The University of Texas MD Anderson Cancer Center has formed a research alliance with global leader in pharmaceutical development, GlaxoSmithKline (GSK), to strengthen its efforts in advancing therapies that train the body’s immune system to combat cancer.
The collaboration, announced yesterday by the university, completes an ambitious plan, part of MD Anderson’s Moon Shots Program, to partner with leading pharmaceutical companies to more rapidly develop cancer immunotherapies. Through this venture, GSK and MD Anderson will work together to identify new therapeutic approaches, evaluate patient responses in clinical trials and use those insights to develop immunotherapy drugs.
This agreement is the fourth and final major collaboration with large companies who share MD Anderson’s “commitment to deliver on the promise of immunotherapy,” using the resources of their immunotherapy platform, said Ferran Prat, Ph.D., J.D., and vice president of MD Anderson Strategic Industry Ventures. “We’re also committed to help leading start-ups establish a foothold in this exciting field, but collaborating with this select group of highly committed companies will help bring new therapies to patients faster,” he added.
On GSK’s side, this collaboration is seen as a way to bring together MD Anderson’s basic sicence capabilities with the pharmaceutical’s drug discovery and development expertise, and their growing immuno-oncology programs. “The alliance will build on the strengths of both organizations to innovate in translational research, which will enhance drug development programs in this fast-growing area,” said Axel Hoos, M.D., Ph.D., VP Oncology R&D, who leads GSK’s immuno-oncology programs and has previous experience working with MD Anderson in this field. Hoos developed the first immune checkpoint modulatory antibody (anti-CTLA-4) in a previous partnership with MD Anderson’s Jim Allison, Ph.D.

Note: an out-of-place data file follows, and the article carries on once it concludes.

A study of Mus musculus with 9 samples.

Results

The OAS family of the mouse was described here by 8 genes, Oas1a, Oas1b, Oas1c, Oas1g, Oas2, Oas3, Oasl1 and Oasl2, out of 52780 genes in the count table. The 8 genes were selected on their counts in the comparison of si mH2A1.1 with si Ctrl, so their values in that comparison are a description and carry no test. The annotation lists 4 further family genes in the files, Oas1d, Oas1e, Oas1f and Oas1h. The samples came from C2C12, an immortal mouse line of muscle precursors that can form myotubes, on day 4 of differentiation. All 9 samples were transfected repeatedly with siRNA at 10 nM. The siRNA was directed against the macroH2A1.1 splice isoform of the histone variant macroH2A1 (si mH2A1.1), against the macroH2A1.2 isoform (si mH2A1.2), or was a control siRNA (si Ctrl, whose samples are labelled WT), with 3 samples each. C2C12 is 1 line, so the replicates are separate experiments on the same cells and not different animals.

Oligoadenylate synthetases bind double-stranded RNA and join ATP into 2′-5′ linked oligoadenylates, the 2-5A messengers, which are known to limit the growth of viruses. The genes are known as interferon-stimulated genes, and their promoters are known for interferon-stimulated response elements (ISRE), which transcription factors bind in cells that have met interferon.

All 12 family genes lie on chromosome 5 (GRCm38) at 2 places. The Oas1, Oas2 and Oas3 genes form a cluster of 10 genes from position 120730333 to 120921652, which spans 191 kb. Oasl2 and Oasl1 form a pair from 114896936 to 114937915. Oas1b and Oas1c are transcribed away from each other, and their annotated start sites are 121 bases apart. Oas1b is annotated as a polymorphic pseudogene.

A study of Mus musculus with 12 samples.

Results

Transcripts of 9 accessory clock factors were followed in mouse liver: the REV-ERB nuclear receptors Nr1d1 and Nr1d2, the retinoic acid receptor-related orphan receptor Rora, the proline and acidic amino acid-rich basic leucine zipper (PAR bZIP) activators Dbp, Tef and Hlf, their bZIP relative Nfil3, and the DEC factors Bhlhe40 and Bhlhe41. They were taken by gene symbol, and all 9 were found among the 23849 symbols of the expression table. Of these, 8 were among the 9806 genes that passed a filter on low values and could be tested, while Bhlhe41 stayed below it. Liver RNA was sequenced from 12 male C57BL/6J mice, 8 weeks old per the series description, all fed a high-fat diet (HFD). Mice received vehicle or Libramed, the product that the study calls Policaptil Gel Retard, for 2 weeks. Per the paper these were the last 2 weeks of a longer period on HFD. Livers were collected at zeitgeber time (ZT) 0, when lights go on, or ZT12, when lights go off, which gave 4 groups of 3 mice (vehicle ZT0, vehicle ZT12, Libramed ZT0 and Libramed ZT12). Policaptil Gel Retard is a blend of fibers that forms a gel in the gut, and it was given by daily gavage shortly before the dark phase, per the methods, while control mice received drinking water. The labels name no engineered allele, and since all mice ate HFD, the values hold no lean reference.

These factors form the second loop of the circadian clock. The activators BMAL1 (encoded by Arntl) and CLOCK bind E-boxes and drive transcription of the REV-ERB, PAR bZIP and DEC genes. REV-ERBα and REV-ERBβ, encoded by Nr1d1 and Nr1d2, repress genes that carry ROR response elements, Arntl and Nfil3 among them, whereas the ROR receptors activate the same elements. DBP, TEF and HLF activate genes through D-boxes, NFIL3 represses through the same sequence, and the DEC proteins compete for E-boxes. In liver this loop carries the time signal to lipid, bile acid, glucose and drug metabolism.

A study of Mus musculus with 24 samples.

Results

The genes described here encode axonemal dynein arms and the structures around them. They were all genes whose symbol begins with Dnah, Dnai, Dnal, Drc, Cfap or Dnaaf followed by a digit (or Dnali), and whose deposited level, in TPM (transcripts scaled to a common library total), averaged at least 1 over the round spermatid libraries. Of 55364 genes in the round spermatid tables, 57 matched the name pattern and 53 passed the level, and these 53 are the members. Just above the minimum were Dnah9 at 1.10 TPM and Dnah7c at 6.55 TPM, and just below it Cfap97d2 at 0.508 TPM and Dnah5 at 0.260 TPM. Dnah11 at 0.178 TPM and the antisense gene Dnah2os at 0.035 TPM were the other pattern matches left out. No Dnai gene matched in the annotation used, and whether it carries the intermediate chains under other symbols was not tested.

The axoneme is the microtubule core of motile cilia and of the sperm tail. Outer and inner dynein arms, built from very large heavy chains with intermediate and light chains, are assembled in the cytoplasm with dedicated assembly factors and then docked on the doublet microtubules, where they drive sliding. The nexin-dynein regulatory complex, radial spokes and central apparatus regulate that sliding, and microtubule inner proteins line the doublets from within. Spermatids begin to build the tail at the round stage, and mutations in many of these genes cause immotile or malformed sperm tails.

MD Anderson recognized the potential of immune-based therapies by creating one of the platforms that supports its Moon Shoots Program, the institution’s 10-year commitment to more rapidly develop therapies and other interventions to significantly reduce cancer deaths.
“We welcome the opportunity to work closely with GSK to build upon the early successes of immunotherapy by extending this approach to many types of cancer and exploring ways to improve treatment effectiveness,” said Jim Allison, Ph.D., MD Anderson chair of Immunology and executive director of the immunotherapy platform.
Allison’s basic science research on T-cell biology led to immune checkpoint blockade, an entirely new method of treating cancer, which blocks receptors on the surface of T-cells that stop an immune attack. He created an antibody to the checkpoint CTLA-4, which became the first drug of any type approved for use in late-stage melanoma. Additional checkpoints have since been identified and new drugs to treat them are under development.
“Unlike other cancer drugs that treat certain cancer types or specific molecular targets on a tumor, immune checkpoint blockade treats the immune system, freeing it to attack any type of cancer,” Allison explains.
Other immunotherapy platform leaders include co-director Patrick Hwu, M.D., chair of Melanoma Medical Oncology, and scientific director Padmanee Sharma, M.D., Ph.D., associate professor of Genitourinary Medical Oncology. Hwu is one of the leading tumor immunologists in the country, whose work in the development of novel vaccines and T-cell therapies explores new ways of treating cancer. He and Allison will work closely with GSK scientists to quickly bridge the gap between discoveries in the lab and drugs that will benefit patients.